Massage works across various body systems through either a mechanical or a reflex action. A mechanical action is created by moving muscles and soft tissues using pressure and stretching movement, breaking down fibrous tissue, eliminating muscle spasms, and loosening stiff joints; a reflex is created when treating one area of the body impacts another area, as in easing a headache by working on the neck and shoulders.

What is myotherapy?

Remedial massage is a component of myotherapy training, and the primary tool a clinical myotherapist uses. However, myotherapists use additional methods to restore normal musculoskeletal function, including muscle and joint taping, myofascial cupping, thermal therapies, transcutaneous electrical nerve stimulation (TENS), electric muscle stimulation, low-level laser therapy, ultrasound, prescriptive exercises, joint mobilisation and pain-management techniques.

“For remedial massage, the minimum qualification required is a Diploma of Remedial Massage, and for Myotherapy, the Advanced Diploma of Myotherapy,” says Tricia Hughes, CEO, Massage and Myotherapy Australia (https://massagemyotherapy.com.au). “There are now Bachelor degrees in myotherapy, which are built on the foundations of these vocational courses. Prospective students need to consider that if they buy a cheap course, they’ll get cheap training. Research the colleges and compare their offerings and expect to be 12 months in training. If you anticipate working with clients who want private health rebates, obtain written confirmation from the college that they meet the funds’ standards. And because both are hands-on practice, the less online learning the better.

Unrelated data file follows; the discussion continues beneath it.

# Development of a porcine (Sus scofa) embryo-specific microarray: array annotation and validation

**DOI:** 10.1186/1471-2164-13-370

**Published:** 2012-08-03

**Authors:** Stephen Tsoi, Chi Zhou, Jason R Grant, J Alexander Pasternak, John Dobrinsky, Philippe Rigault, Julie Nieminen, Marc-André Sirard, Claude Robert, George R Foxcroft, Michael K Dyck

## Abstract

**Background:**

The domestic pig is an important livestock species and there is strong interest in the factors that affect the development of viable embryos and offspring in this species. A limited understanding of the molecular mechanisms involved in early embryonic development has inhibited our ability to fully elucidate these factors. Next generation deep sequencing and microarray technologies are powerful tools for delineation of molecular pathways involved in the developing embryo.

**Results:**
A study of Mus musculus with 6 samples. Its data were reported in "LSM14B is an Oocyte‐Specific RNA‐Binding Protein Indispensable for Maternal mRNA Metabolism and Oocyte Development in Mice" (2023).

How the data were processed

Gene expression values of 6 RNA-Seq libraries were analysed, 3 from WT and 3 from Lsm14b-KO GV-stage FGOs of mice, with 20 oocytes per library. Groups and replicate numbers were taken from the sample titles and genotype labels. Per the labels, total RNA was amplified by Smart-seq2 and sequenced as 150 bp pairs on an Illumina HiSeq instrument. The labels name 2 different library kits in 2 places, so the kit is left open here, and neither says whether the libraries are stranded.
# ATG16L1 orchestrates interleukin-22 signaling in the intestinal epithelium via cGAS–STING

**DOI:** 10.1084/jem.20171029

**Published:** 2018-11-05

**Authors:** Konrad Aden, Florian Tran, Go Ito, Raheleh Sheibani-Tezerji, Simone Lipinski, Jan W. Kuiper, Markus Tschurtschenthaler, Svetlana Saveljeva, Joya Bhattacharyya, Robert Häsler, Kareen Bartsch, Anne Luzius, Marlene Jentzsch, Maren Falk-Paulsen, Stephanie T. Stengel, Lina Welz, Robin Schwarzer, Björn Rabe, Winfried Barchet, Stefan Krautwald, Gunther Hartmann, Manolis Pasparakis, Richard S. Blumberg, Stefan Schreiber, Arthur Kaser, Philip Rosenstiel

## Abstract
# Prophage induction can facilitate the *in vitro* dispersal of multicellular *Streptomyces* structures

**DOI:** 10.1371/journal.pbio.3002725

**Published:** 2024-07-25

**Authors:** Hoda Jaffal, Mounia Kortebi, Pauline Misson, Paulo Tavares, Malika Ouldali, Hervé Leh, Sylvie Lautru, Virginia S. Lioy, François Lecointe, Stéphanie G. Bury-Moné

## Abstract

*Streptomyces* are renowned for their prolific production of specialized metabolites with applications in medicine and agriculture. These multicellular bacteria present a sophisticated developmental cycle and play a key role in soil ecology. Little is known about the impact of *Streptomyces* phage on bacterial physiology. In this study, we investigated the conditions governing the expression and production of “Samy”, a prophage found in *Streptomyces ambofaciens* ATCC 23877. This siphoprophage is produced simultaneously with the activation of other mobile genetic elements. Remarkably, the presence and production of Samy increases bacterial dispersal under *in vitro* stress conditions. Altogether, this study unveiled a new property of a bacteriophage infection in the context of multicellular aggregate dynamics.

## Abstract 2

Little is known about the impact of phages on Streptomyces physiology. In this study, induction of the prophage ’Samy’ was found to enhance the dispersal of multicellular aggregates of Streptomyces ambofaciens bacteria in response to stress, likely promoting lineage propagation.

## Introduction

“Business skills seem to be the hardest to master as therapists just want to touch and assist people get well,” adds Hughes. “However, if you lack sound business skills your business won’t be sustainable. Use an accountant, lawyer, marketer or business advisor. Listen and take advice. In any industry or profession there can be a lot of ego, bias and empty promises, so find a mentor who can help you. To prepare for life as a practitioner, I advise mastering technology. Cyber risks are rampant, and you’re dealing with people’s personal information, which can be easily stolen. Ethical practice and behaving professionally should start on day one of training.

"Listening and communication skills are essential, as well as integrity and respect for learning how to treat people. People who are solution-focused and detail orientated, and have compassion and empathy, work well in this industry. Therapists need to have patience and be consistent when treating people from diverse backgrounds. This career is not suited to those who are overly sympathetic or emotionally fragile or unfit, as this can lead to injury and burnout."